Supporting children through unexpected events:

Separation and divorce

Family separation brings significant changes to a child’s life. Offering comfort, reassurance, and consistency as you work through changes can help children draw on their natural resilience. Each family situation is different, and it’s important to build a support network to help you navigate through potentially challenging and stressful periods.

How can I support my child?

Seeking support from professionals with experience in family separation can help you work through relationship and legal matters in a way that best supports your child’s and family’s needs.

Communication with your child about the separation or divorce should be age appropriate. Children are receptive to the tone and non-verbal cues used between family members that indicate conflict. As infants and young children’s language and communication skills are still developing, they require simple and consistent messages from caregivers that offer comfort, reassurance, and consistency. As children grow and their language develops, they will understand more of what is happening around them.

Be mindful to keep conversations about the other parent neutral and limit details that are not necessary to share with your child. Children exposed to details surrounding the reasons for separation can experience more mental health and well-being problems. A family counsellor or psychologist can be a good place to seek more support on how to communicate with your child, considering your specific circumstances.  

When to seek help

Children are generally very resilient. As with any change in your child’s life, most reactions will reduce over time with support from families. However, if as time goes on and your situation has stabilised, and you continue to have concerns for your child, it may be possible that your child is still experiencing significant distress and may require additional support. If your child requires specific support and interventions, you can:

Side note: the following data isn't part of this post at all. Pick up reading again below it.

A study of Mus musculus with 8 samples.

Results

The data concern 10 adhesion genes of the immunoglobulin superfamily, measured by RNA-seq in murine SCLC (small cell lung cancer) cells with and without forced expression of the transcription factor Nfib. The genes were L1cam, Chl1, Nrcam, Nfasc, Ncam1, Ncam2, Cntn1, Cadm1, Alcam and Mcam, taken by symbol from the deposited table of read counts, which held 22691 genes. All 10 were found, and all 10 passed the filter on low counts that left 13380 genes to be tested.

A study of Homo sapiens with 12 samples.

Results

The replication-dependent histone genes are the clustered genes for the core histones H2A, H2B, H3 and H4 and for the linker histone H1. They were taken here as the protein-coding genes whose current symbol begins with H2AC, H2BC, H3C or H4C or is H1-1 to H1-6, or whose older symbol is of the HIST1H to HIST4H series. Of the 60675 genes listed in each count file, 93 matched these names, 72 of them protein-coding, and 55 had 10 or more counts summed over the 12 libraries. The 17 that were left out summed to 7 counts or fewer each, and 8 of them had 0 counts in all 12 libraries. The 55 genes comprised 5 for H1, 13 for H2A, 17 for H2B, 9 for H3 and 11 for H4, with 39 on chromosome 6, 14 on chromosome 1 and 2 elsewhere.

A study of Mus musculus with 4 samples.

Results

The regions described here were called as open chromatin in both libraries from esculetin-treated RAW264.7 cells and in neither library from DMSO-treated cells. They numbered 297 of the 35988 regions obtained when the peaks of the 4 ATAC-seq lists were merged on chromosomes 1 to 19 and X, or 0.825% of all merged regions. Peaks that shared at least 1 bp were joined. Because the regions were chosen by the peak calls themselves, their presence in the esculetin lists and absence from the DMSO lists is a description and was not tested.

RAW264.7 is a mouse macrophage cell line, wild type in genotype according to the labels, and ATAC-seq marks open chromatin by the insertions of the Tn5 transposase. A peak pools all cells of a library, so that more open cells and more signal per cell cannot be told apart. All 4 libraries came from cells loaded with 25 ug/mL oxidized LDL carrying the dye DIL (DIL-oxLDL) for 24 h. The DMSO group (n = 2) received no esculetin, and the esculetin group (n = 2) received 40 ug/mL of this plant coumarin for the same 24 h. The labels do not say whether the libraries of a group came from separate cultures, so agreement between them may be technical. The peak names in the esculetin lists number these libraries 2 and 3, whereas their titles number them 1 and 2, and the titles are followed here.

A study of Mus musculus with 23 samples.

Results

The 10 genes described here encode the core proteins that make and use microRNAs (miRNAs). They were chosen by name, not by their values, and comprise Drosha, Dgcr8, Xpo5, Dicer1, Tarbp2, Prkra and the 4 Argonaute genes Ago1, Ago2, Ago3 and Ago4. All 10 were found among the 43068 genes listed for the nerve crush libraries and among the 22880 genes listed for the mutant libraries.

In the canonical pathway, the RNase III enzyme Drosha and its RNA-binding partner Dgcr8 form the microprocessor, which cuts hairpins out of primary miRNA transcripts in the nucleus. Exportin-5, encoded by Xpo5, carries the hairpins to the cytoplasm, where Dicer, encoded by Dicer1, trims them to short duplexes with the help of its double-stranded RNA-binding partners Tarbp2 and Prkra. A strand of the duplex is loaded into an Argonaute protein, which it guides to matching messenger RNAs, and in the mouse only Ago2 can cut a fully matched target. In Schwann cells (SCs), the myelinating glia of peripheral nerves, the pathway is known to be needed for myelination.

1. Go to a General Practitioner (GP)

2. Ask your GP for a Mental Health Care Plan 

3. Through a Mental Health Care Plan your child will be able to access psychological appointments which are free (or at minimal cost) after the Medicare rebate. 

4. After your first 6 sessions you may need to return to your GP for an assessment of whether ongoing treatment is recommended and to extend your Mental Health Care Plan if needed.

How can G8 support your family

If you are going through family separation, it’s best to talk to your centre manager about your circumstances, so our team can be sensitive to the needs of your child and your family.

It is important that your centre manager understands what court orders or other parenting agreements may be in place, particularly where these relate to arrangements for pick up, drop off, access to your child or information about your child.  

If you are experiencing financial stress, you may be eligible for Additional Child Care Subsidy. Read more information here and talk to your centre manager about how we can help.